Camera techniques on 1986 film lend to IMAX format
If imitation is the sincerest form of flattery, and parody a close second, “Top Gun” has been under a siege of compliments since its release in 1986.
Two entire movies – “Hot Shots!” (1991) and “Hot Shots! Part Deux” (1993) – were inspired by the Tom Cruise Navy flyer romance. “Family Guy” seems to lampoon the Tony Scott film every chance it gets. YouTube virtually overflows with send-ups of the movie’s homoerotic volleyball sequence. Just two years ago, when Chinese state TV showed what it said was a Chinese fighter jet destroying a U.S. aircraft, it was actually footage taken from “Top Gun.”
So it would seem like an apt time to (re)experience the original, in an added dimension: Beginning today, the 3-D re-release of “Top Gun” commences in select IMAX theaters for a limited run (through Wednesday) in anticipation of its release on 3-D Blu-ray on Feb. 19. (The 2-D Blu-ray is already in circulation).
Remastered by its director, who completed the task shortly before his suicide last August, “Top Gun” occupies a singular niche in the culture. Is it the action? The romance? The campy jingoism? The star power? What is it, exactly, that makes “Top Gun” such a resiliently appealing movie?
“I wish I knew, I’d make more of them,” said the film’s co-producer, Jerry Bruckheimer. “The public knows. I think it came out at an interesting time, and it really showed American ingenuity and capabilities. And it really motivated a lot of the people who are our aviators today to become fliers.
“I remember reading about this leading female pilot at one of the military academies, who had seen ‘Top Gun’ and decided to become an aviator,” he added. “It still gets kids to join the military.”
Written by Jack Epps Jr. and Jim Cash and inspired by a California magazine article by Ehud Yonay, “Top Gun” is about Pete “Maverick” Mitchell (Cruise), a pilot aboard the USS Enterprise (the naval craft, not the spaceship) who along with shipmate Nick “Goose” Bradshaw (Anthony Edwards) is admitted to the Navy’s fighter-weapons school. There, they meet other hot dogs, and the cocky Maverick (nicknames are very big in “Top Gun”) gets involved with his civilian instructor, Charlotte “Charlie” Blackwood (Kelly McGillis), doing some stupid stuff along the way and ultimately finding himself. It’s your basic boy-meets-girl, boy-meets-plane, boy loses girl/plane/friend and shoots down some jets of indeterminate nationality.
Remembering Scott as “a special guy,” Tom Skerritt (who played ace flyer Mike “Viper” Metcalf) said that the directorial vision of both Tony and his brother Ridley – with whom he made “Alien” – was way ahead of its time.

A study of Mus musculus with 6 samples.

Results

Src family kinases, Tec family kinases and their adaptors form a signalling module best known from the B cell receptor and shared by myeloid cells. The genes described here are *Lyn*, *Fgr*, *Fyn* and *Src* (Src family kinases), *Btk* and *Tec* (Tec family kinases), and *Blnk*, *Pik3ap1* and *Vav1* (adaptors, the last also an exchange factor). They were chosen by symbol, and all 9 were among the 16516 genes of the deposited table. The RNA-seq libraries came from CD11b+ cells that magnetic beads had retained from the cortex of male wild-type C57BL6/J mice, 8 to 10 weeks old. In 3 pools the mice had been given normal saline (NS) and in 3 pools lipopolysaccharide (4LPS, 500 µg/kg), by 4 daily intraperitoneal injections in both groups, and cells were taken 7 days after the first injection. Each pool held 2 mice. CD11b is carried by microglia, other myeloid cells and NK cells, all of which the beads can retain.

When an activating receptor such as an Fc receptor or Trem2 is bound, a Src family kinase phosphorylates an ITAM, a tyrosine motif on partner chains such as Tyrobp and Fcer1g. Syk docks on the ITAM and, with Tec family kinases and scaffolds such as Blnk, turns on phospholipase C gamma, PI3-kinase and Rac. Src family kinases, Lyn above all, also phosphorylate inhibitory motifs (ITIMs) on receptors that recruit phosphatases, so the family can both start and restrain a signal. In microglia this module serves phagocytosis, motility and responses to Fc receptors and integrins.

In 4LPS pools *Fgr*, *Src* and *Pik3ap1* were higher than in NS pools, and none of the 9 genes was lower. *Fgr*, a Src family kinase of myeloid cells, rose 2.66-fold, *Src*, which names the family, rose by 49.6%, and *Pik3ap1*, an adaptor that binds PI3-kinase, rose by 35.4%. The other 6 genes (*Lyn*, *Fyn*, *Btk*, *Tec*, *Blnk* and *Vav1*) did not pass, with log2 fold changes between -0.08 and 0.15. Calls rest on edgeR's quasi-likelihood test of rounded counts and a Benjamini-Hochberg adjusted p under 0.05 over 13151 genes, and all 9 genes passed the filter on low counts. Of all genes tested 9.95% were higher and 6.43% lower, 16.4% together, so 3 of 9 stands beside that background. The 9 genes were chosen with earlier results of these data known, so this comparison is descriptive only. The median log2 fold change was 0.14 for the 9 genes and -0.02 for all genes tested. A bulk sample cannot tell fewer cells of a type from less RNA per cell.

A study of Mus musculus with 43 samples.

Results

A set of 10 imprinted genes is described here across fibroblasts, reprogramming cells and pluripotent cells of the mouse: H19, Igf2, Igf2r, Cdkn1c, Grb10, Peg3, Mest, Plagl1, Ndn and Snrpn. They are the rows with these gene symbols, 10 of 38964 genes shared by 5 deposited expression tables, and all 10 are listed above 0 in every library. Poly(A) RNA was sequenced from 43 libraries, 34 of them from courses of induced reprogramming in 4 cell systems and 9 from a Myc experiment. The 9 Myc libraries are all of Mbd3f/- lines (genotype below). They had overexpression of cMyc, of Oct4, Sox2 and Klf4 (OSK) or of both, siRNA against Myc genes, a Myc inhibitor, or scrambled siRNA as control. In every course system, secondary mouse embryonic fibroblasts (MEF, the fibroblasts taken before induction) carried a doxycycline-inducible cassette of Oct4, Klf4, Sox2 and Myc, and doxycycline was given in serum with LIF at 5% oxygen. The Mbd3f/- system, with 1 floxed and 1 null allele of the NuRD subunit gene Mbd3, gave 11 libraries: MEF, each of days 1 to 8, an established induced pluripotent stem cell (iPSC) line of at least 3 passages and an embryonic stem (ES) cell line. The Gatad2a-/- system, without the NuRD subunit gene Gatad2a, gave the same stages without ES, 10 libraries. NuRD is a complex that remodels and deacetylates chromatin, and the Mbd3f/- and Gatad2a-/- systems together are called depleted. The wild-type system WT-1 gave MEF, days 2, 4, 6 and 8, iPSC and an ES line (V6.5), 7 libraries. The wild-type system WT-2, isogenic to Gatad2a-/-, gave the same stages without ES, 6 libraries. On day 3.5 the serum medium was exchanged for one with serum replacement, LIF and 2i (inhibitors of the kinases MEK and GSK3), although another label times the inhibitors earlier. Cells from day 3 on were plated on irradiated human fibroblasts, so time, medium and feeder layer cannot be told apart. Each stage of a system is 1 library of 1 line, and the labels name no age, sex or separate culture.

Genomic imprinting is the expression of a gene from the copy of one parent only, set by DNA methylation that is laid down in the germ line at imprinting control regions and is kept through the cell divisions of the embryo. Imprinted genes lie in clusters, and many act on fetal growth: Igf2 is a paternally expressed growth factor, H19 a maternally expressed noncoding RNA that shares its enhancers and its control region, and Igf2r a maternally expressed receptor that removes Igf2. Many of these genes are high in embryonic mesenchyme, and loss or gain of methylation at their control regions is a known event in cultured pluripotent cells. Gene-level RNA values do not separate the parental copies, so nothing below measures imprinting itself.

“It was like they were making 3-D already,” Skerritt said. “You’d have your principal characters up front, but in the background there was always something interesting going on. I haven’t seen it, but I suspect this is going to be more than just another 3-D remake.”
For Edwards, “Top Gun” was a career-changer, albeit a movie of its time. “It’s amazing how antiquated the technology seems now. We’d never put actors in real planes now like we needed to then; we’re so green-screen-dependent now,” he said, referring to the computer-imaging technology currently in use. “But it really was this summer adventure for me, of being immersed in the Navy, in San Diego; the pilots were incredibly open and took us in and showed us their lives and love for flying and love for craziness. They certainly partied. The switch was either on or off.”
But no one had any pretensions about what they were doing. “That movie was intended to make as much money as possible,” Edwards said. “Bruckheimer was not out to make an art film. But Tony Scott was such a genius. And everything that made that film cool was what the studio thought was going to kill it. All the slow motion, the smoky rooms, we knew it was cool but the studio, oh my God, they were terrified. Tony was fired two or three times. And then rehired immediately.”
Had 3-D technology been as advanced as it is now, Bruckheimer said, Scott would have used it. And he certainly would have used it on the remake – “Top Gun II” – which was in the planning stages at the time of his death. “Tony was working on it, and scouting and meeting with pilots,” Bruckheimer said, “so it’s kind of in limbo at the moment. I know Paramount still wants to make it. We just have to reboot it creatively.”
Meanwhile, he said, Tony Scott completed the 3-D re-release version just the way he wanted. “The planes leaving the carriers, the dogfights – it looks fantastic,” Bruckheimer said. “You look at the 3-D version and you actually think that Tony shot it that way.”